Editorial: You are not entitled

American River College is very diverse. On this campus, one can find students of every age, race, religion, sexual orientation, and socioeconomic background.

Unfortunately, ARC is representative of society in another way: there is a widespread culture of entitlement among our students.

President Barack Obama announced in his State of the Union address that he wanted two years of community college to be free of charge to students with certain conditions.

The President said he wanted “two years of college (to become) as free and universal in America as high school is today.”

Whether this idea is good or bad, it is important to note that Oregon – which had the lowest high school graduation rate for the class of 2013 according to the federal government – has a higher graduation rate than ARC has for transfers and graduations combined.

Why should the taxpayers of this country invest in community colleges when over 35 percent of ARC students do not end up leaving here with a degree or a transfer?

ARC is not even a poorly performing community college in this regard. It is ranked number 23 of the thousands of community colleges in the nation.

Whether community college should be free is the wrong question for students to ask. The right question to ask is what can we do with the opportunities we have been given.

You are not owed a college degree.

According to the U.S. Census Bureau, 58 percent of the U.S. population don’t have any college degree. 68 percent of the population don’t have a bachelor’s degree.

A college degree means something. It means that even though there were challenges, even though there were late nights spent typing papers or wiping curly, red eraser shavings off binder paper while drinking endless cups of coffee and heating up a sodium-laced bowl of Top Ramen, you pushed through it and achieved your goals.

There is a bridge between your dreams and your realities, and it is your will to work hard no matter the cost.

It might be a good idea to make community college free of tuition. It is definitely good for the economic well being of college students to earn a degree.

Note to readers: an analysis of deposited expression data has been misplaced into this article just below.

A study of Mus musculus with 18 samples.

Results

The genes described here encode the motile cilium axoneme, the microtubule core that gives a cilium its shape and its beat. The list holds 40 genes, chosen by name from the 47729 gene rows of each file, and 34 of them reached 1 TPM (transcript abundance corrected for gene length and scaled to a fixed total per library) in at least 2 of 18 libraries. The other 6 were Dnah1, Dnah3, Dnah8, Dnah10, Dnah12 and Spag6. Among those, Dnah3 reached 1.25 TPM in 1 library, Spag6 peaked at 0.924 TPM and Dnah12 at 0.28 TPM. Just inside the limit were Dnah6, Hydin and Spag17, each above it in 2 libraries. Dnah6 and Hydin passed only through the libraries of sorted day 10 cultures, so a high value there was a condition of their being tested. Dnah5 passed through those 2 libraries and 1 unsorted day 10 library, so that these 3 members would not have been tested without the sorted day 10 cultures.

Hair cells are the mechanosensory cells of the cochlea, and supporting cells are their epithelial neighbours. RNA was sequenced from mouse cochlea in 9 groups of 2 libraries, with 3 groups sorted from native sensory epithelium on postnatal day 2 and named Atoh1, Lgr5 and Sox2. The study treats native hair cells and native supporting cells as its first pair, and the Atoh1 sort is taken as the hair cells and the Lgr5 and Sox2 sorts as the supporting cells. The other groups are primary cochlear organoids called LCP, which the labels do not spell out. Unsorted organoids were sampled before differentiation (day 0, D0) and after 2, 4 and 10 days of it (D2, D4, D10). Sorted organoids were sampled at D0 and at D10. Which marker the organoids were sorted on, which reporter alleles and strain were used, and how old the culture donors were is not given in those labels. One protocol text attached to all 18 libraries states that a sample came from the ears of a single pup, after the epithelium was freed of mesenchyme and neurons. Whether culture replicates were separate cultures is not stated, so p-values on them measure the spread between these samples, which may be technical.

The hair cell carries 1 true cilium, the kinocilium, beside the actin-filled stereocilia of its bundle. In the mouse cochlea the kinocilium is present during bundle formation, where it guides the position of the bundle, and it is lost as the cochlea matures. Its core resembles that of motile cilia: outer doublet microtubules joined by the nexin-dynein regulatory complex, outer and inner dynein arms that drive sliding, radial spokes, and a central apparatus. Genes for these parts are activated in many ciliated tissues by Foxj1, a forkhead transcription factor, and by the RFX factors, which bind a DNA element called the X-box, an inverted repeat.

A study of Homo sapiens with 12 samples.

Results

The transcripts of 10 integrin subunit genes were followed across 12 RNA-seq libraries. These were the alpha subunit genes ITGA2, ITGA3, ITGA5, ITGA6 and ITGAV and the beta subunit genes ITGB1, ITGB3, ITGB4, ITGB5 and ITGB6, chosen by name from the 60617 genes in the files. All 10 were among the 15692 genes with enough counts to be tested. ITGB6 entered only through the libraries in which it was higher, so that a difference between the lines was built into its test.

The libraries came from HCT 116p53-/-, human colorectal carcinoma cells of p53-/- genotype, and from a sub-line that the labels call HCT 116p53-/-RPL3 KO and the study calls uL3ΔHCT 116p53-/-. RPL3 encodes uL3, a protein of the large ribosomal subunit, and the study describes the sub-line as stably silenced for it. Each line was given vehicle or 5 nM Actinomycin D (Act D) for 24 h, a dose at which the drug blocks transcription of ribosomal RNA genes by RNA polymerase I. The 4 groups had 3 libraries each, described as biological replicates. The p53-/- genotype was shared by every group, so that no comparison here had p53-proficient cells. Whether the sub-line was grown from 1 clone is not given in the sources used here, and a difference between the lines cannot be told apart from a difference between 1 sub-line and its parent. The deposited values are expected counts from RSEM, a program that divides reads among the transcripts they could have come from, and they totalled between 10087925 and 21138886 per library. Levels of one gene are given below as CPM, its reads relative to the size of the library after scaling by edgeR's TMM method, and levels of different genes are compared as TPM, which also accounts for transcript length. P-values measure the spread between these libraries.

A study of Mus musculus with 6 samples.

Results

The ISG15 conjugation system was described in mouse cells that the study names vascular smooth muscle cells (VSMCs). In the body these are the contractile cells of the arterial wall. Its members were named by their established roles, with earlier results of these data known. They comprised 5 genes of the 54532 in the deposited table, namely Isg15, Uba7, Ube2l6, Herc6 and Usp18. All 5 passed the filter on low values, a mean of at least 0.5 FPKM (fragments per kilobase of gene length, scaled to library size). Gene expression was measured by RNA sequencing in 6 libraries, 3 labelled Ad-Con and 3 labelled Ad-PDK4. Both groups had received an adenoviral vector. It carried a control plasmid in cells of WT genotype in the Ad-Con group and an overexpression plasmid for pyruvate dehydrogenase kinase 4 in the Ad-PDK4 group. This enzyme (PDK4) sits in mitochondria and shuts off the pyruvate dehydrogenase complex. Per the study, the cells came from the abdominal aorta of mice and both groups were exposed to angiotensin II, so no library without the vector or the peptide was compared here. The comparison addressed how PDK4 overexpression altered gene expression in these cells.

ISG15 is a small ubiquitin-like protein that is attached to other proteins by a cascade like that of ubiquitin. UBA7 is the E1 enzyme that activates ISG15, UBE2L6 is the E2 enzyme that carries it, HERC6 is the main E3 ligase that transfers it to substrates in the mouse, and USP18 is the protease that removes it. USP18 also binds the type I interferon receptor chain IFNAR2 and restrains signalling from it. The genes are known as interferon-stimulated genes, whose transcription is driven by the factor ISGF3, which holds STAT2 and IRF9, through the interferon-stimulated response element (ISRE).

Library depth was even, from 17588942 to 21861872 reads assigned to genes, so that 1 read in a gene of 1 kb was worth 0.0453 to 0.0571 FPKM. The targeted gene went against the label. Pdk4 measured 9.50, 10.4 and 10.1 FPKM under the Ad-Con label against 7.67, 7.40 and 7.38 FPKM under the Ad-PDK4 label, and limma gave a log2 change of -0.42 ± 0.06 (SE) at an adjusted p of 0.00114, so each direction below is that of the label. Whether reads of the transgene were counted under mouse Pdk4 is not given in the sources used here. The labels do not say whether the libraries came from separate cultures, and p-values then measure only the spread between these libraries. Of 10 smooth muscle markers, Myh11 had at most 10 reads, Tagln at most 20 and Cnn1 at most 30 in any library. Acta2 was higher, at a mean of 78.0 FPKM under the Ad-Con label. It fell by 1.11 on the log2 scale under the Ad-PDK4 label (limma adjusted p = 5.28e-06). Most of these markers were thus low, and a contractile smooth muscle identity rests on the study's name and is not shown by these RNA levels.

But why is it that we spend so much time and effort coming up with a scapegoat for our problems rather than trying to solve those problems ourselves?

Generations past didn’t survive a Great Depression, win World War II, and land on the moon because they passed the buck to someone else. They saw what had to be done and they made sacrifices to do it.

Show up to class. Do homework. Make sacrifices with your financial aid. Your degree will be worth so much more than if you just did the minimum.

We live in a culture of entitlement. We are made to feel entitled to a degree, entitled to the best of everything.

But life is not about doing what you want, it’s about doing what you and others need.

We spend too much time on Facebook blaming Republicans, Democrats, the military, banks, unions, religious people, atheists and everyone for our problems except for ourselves. We spend too little time improving our lives and enriching our society with the tools we are given.

Rather than just complaining about the cost of college, income inequality or Ferguson, lets get together and take legitimate, concrete action.

Generations past didn’t have a Facebook to post links about bad working conditions, child labor, genocide, or union busting. They used the time we spend complaining to actually reform and improve our society and our world.
We are not entitled to college. We are not entitled to a perfect life and a perfect world. But we do have some rights, and one of them is the right to make an actual difference.


  1. I submitted an op-ed for the print version of cynical piece, which I don’t believe dismissed protestors as complainers, who need to seek legitimacy for their causes before their actions can be acceptable.

    This delegitimization is a common tactic by those benefiting from the status quo, unaware of the suffering of others, in an attempt to dismiss and silence those who would challenge their ideas of reality. Well, what the author calls complaining, we call mobilization and class consciousness.